The academic precariat.
In my last blog post, I wrote about a proposed book chapter we just submitted to the book "Academic flying and the means of communication". As it so happens, I also submitted a second book chapter together with historian Johan Gärdebo (he is the first author). Johan isn't a close colleague of mine but is affiliated with the KTH Environmental Humanities Lab. Four years ago I attended a workshop that he organized, "Fly or die" and I wrote a long and thought-provoking blog post about the workshop and I can very much recommend that text! It's also partially the case that our FLIGHT research project to some part came out of me and my colleague Elina attending that workshop!
I have bumped into Johan several times this past year and I invited him to be part of the concluding panel discussion in our (this year spectacularly popular) sustainability course just before Christmas where he did a great job! This is the first time we work/write something together and below is the abstract/proposed book chapter we just submitted. Also see the previous blog post to see the call for book chapters.
The academic petroleum precariat: unwanted flying in an age of uncertain employment
Johan Gärdebo & Daniel Pargman
Flying is often the single largest source of carbon emissions for aeromobile individuals. Academics are prime examples of this, not the least since they fly both as (relatively) affluent members of (oftentimes) affluent societies and as part of their jobs (for example to attend conferences and to disseminate research results). Decreasing carbon emissions entails limiting the amount of “unwanted” flying. While anthropogenic global warming in one sense makes all flying unwanted, we are in this context interested in flights conducted by junior researchers - the academic petroleum precariat - who due to precarious employment conditions are pressured to fly hither and yon whether they wish to or not.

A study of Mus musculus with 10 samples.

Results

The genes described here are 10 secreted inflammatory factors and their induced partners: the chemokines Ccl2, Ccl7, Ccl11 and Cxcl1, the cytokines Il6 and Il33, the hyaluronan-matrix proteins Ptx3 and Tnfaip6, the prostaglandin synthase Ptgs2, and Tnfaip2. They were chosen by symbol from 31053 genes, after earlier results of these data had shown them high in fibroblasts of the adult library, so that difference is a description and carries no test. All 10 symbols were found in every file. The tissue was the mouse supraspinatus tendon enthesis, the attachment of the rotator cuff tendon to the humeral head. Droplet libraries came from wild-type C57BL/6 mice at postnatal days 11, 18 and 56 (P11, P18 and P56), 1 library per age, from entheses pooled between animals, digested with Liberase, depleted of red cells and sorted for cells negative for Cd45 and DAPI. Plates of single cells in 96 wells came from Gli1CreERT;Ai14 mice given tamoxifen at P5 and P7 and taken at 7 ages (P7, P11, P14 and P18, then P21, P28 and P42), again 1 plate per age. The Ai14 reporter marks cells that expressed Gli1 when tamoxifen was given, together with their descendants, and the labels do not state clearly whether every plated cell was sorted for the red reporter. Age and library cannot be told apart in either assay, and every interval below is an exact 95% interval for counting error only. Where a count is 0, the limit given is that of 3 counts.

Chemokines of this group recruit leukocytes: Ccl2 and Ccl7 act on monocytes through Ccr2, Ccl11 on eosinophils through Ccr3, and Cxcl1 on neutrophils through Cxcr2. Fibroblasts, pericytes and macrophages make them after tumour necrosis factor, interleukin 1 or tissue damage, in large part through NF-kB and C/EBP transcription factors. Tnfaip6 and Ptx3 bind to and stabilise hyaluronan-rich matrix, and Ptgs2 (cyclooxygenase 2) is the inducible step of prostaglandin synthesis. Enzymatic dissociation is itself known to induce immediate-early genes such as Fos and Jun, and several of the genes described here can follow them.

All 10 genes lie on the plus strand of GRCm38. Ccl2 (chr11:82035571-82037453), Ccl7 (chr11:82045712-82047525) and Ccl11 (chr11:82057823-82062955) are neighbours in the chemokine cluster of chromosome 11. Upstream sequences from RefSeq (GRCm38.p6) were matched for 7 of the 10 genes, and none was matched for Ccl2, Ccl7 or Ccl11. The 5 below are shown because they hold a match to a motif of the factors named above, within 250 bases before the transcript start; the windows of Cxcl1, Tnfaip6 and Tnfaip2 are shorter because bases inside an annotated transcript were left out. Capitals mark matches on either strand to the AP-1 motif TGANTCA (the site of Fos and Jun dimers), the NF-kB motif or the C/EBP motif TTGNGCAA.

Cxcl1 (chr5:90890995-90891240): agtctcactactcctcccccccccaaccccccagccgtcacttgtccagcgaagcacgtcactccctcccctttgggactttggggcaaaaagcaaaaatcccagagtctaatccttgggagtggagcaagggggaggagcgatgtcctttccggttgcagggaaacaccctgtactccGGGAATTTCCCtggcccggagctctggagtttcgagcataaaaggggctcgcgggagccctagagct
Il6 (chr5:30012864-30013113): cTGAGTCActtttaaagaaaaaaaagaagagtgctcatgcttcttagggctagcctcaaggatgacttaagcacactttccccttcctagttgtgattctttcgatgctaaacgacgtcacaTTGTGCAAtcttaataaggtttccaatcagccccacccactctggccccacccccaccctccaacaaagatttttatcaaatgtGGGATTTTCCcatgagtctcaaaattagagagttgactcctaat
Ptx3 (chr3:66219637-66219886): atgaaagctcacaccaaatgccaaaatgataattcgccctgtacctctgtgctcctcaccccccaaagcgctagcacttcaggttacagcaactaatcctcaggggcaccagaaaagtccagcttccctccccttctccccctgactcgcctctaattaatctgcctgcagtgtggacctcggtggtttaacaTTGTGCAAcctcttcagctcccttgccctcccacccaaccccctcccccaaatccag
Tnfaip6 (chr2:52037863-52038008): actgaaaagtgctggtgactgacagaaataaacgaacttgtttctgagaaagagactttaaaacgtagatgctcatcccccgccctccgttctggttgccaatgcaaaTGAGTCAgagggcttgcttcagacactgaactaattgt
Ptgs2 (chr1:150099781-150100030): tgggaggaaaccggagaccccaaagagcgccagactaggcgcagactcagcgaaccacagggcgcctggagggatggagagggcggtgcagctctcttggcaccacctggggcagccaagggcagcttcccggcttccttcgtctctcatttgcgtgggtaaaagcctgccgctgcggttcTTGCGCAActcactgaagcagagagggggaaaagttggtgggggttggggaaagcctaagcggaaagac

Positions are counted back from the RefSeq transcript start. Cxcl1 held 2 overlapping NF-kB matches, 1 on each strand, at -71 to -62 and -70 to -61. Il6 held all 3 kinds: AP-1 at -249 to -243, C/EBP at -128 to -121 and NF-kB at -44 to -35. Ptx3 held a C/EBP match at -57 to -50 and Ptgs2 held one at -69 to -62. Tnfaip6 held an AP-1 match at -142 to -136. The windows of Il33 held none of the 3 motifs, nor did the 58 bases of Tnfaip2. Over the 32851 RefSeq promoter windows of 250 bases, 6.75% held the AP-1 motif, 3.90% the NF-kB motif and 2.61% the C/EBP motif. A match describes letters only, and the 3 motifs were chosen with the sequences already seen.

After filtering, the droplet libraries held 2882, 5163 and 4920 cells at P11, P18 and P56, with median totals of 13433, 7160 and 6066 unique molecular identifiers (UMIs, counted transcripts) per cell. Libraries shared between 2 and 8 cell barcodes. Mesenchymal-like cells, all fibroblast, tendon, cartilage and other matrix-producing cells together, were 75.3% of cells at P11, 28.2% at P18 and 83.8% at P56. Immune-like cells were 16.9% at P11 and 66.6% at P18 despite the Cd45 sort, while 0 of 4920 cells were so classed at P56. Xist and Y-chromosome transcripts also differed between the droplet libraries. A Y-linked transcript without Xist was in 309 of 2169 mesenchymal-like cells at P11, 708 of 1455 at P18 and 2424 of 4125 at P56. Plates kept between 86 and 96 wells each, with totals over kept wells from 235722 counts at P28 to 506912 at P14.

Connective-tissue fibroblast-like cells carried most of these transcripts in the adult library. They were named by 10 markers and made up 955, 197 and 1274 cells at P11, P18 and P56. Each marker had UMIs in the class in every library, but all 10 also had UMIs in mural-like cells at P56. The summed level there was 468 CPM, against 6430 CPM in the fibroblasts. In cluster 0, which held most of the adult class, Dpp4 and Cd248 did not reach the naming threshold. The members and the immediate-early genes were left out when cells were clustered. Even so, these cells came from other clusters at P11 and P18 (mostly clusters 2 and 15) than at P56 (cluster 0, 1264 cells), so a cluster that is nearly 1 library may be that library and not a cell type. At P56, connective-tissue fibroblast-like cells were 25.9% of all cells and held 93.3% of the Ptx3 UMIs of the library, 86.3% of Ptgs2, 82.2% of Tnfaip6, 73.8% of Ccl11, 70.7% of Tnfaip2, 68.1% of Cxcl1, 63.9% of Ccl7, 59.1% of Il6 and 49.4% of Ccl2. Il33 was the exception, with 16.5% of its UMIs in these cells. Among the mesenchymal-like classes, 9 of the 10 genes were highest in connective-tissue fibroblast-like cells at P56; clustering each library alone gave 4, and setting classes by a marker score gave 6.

In this essay, we argue that the significant driver for the aeromobility of the academic petroleum precariat are present-day academic (incentive) structures. With diminishing opportunities, e.g. fewer possibilities of tenure for a growing number of junior scholars, it becomes increasingly important to gain circulation. Apart from publishing texts, many attempt to increase circulation by physically placing themselves in strategic places of professional networks, where the action is. Flying is a means to quickly gain access to networks and contacts that can be used to increase the chance of texts being read and cited and to get access to valuable information about opportunities and offers.
We analyse petroleum combustion from flying as a response to academic precariousness. While ample flying is no guarantee of an academic career, at present it at least doesn’t hurt one’s prospects for it. The choice of staying on the ground (i.e. of not flying) might on the other hand easily hinder or possibly even ensure that your academic career will be permanently grounded.
Given that the skyrocketing CO2 emissions of Holecene higher education has to be supplanted by (CO2-stingy) Anthropocene academia, we end the text by elaborating on how the academic petroleum precariat is indicative of a set of challenges for the future of academia, for research(ers), and for the means of decreasing CO2 emissions in a knowledge economy.